December 04, 2019 09:50:08
Santa’s sleigh has come early to a remote Indigenous community in far north Queensland with the Australian Defence Force (ADF) airdropping about a tonne of donated Christmas presents into Lockhart River, about 800 kilometres north of Cairns.
- The Australian Defence Force is delivering supplies to remote communities in Qld and WA for Christmas
- They include first aid kits, toiletries, school supplies and sporting equipment
- The operation doubles as a training exercise for humanitarian relief work
It was the first time the military conducted Exercise Christmas Drop in Australia, designed to not only bring some joy to the residents of the town but to test the capabilities of the military in responding to humanitarian crises.
Wing Commander Ben Poxon was on board the flight to Lockhart River along with Royal Australian Air Force and Army personnel.
He said supplies would also be flown into Kowanyama in Queensland and Roebourne and Yandeyarra in Western Australia.
“We asked the communities what they were most in need of and being remote, it was anything and everything, from bicycle repair kits to footballs, all the way through to sanitary products,” Wing Commander Poxon said.
“We tried to target the communities that wished to engage with us but were also most in need.”
Pallets dropped on airstrip
The nearest major supermarket is hundreds of kilometres from Lockhart River.
Mayor Wayne Butcher said the most wanted item on the community’s wishlist was very simple.
“Rubber thongs — it’s bloody hot up here,” Mr Butcher said.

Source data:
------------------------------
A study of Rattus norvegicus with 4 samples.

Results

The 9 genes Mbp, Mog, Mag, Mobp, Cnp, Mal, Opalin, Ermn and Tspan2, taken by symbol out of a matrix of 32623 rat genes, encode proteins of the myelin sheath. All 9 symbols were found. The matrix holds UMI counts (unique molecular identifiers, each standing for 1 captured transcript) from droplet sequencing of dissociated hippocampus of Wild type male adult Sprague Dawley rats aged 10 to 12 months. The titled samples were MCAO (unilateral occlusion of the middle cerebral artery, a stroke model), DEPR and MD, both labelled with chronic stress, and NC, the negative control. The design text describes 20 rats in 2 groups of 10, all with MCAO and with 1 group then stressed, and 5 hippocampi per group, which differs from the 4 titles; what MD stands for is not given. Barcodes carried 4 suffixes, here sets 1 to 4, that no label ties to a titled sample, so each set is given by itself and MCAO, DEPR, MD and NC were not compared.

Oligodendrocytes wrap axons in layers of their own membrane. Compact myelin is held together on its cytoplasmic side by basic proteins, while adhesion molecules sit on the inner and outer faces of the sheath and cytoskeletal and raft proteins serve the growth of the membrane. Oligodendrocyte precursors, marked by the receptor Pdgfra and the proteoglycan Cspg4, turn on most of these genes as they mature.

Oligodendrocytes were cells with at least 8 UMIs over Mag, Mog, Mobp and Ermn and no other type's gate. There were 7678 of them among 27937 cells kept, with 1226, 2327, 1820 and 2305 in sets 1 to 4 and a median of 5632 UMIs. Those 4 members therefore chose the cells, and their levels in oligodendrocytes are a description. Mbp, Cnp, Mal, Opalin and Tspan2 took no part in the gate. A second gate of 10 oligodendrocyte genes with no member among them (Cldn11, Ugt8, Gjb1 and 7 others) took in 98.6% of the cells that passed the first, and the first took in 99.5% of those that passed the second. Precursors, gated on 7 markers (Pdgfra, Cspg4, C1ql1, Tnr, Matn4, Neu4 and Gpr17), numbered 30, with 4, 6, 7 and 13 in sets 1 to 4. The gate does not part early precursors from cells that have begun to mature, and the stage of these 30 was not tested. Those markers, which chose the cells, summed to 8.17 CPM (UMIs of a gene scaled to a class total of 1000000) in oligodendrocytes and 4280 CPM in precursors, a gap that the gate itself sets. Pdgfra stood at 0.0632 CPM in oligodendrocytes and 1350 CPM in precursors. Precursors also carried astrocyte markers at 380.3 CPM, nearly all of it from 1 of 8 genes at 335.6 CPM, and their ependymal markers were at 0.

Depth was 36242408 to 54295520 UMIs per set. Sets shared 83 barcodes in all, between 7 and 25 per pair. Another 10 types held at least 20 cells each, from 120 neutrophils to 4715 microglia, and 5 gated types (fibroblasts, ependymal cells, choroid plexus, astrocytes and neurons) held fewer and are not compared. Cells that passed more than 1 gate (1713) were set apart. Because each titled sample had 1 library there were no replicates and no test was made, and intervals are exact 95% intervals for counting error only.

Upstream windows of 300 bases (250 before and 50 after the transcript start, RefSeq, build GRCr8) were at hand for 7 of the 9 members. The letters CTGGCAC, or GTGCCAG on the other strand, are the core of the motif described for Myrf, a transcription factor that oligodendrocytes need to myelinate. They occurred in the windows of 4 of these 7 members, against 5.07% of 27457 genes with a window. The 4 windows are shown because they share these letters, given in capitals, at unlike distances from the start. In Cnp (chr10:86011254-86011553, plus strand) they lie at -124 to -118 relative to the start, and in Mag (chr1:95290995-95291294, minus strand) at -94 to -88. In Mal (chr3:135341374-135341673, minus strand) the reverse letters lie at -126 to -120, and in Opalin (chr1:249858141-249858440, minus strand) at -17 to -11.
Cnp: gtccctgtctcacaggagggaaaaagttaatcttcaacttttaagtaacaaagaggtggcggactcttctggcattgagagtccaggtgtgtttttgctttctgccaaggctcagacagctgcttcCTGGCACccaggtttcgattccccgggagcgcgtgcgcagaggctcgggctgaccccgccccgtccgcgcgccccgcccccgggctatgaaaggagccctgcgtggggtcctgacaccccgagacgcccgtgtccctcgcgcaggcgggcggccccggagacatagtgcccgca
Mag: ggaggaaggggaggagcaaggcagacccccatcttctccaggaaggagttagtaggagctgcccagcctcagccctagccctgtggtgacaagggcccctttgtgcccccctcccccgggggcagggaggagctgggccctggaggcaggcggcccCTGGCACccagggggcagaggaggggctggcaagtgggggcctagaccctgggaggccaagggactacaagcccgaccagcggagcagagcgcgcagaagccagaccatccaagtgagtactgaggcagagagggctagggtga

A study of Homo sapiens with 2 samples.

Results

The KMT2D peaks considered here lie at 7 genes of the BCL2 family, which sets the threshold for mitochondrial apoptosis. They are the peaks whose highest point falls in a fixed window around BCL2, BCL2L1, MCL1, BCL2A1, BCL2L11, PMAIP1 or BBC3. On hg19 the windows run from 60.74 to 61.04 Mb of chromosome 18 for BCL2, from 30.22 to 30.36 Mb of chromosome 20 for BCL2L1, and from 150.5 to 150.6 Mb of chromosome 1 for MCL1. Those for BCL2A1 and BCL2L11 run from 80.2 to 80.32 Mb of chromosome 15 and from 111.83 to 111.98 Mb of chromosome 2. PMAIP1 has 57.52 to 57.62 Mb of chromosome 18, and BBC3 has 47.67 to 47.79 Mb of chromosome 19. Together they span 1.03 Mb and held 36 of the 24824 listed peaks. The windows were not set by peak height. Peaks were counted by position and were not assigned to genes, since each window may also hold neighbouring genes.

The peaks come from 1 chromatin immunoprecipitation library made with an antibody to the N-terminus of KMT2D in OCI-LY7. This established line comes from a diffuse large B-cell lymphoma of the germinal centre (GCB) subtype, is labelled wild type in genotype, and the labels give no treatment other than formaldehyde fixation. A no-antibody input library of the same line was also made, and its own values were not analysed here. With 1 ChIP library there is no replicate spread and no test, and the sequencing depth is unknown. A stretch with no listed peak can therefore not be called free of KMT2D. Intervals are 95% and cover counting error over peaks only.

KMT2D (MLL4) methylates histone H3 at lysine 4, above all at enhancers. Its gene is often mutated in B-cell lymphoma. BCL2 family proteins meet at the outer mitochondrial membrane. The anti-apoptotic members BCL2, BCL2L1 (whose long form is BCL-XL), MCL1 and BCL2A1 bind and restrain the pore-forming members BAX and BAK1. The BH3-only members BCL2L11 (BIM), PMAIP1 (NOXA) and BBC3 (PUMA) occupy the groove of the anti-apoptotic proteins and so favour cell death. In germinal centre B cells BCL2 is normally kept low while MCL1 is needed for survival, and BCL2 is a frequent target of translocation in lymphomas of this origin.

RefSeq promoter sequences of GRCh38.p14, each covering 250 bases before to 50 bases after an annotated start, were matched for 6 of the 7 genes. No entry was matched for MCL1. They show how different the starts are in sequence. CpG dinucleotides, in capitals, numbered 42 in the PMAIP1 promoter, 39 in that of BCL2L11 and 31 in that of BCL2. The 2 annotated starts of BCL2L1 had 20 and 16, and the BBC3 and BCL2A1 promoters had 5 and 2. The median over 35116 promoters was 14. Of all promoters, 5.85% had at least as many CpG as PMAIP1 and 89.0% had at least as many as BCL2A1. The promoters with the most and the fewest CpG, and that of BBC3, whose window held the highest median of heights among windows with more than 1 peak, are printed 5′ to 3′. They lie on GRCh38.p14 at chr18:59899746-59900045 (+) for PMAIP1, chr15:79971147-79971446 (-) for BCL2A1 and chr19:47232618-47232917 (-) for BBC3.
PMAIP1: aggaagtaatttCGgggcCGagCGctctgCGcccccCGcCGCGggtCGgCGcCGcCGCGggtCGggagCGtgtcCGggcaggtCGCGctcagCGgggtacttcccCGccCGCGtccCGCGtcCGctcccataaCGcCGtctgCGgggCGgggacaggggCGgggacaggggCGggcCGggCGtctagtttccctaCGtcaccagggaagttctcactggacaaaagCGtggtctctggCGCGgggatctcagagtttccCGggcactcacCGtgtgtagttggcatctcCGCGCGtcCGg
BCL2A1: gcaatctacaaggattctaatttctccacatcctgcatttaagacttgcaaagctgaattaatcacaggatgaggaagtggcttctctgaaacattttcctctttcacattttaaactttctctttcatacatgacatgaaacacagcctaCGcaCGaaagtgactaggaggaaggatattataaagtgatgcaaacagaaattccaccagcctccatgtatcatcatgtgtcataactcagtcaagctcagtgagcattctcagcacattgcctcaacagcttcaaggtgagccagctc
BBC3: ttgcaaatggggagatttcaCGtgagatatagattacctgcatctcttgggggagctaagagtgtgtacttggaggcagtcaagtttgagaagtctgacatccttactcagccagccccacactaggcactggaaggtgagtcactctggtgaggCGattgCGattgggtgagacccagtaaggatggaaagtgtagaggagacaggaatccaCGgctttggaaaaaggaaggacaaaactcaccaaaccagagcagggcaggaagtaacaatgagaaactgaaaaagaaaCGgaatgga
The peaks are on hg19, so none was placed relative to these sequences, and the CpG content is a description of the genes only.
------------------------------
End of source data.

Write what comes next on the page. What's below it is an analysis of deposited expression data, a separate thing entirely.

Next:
He said the ADF visited the community about a month ago and spent time with the town’s schoolchildren.
“So the kids being able to see the plane and get inside and have a look around, it was just great,” Mr Butcher said.
Wing Commander Poxon said all of the supplies for the mission were donated from across Australia, loaded onto pallets, and dropped onto an airstrip.
From there, soldiers from the Army picked up the goods and distributed them to the community.
He said the exercise was also a chance for the Air Force to test out the Spartan C-27J — a smaller version of a Hercules aircraft.
“It has a nickname and that’s ‘Battle Budgie’ due to its cute looks but rugged nature,” Wing Commander Poxon said.
He said the aircraft was used in battle situations to deliver supplies to troops and would normally be carrying blood, ammunition, and rations.
“We are required to train crew for battlefield operations,” Wing Commander Poxon said.
“If we weren’t doing this we would be using dummy load like jerry cans of water instead of Christmas presents.
“So what we thought we would do is conduct the tactical training and at the same time deliver the Christmas cheer.”
Wing Commander Poxon said he hoped Exercise Christmas Drop Australia became an annual event with plans already afoot to do the same thing next year.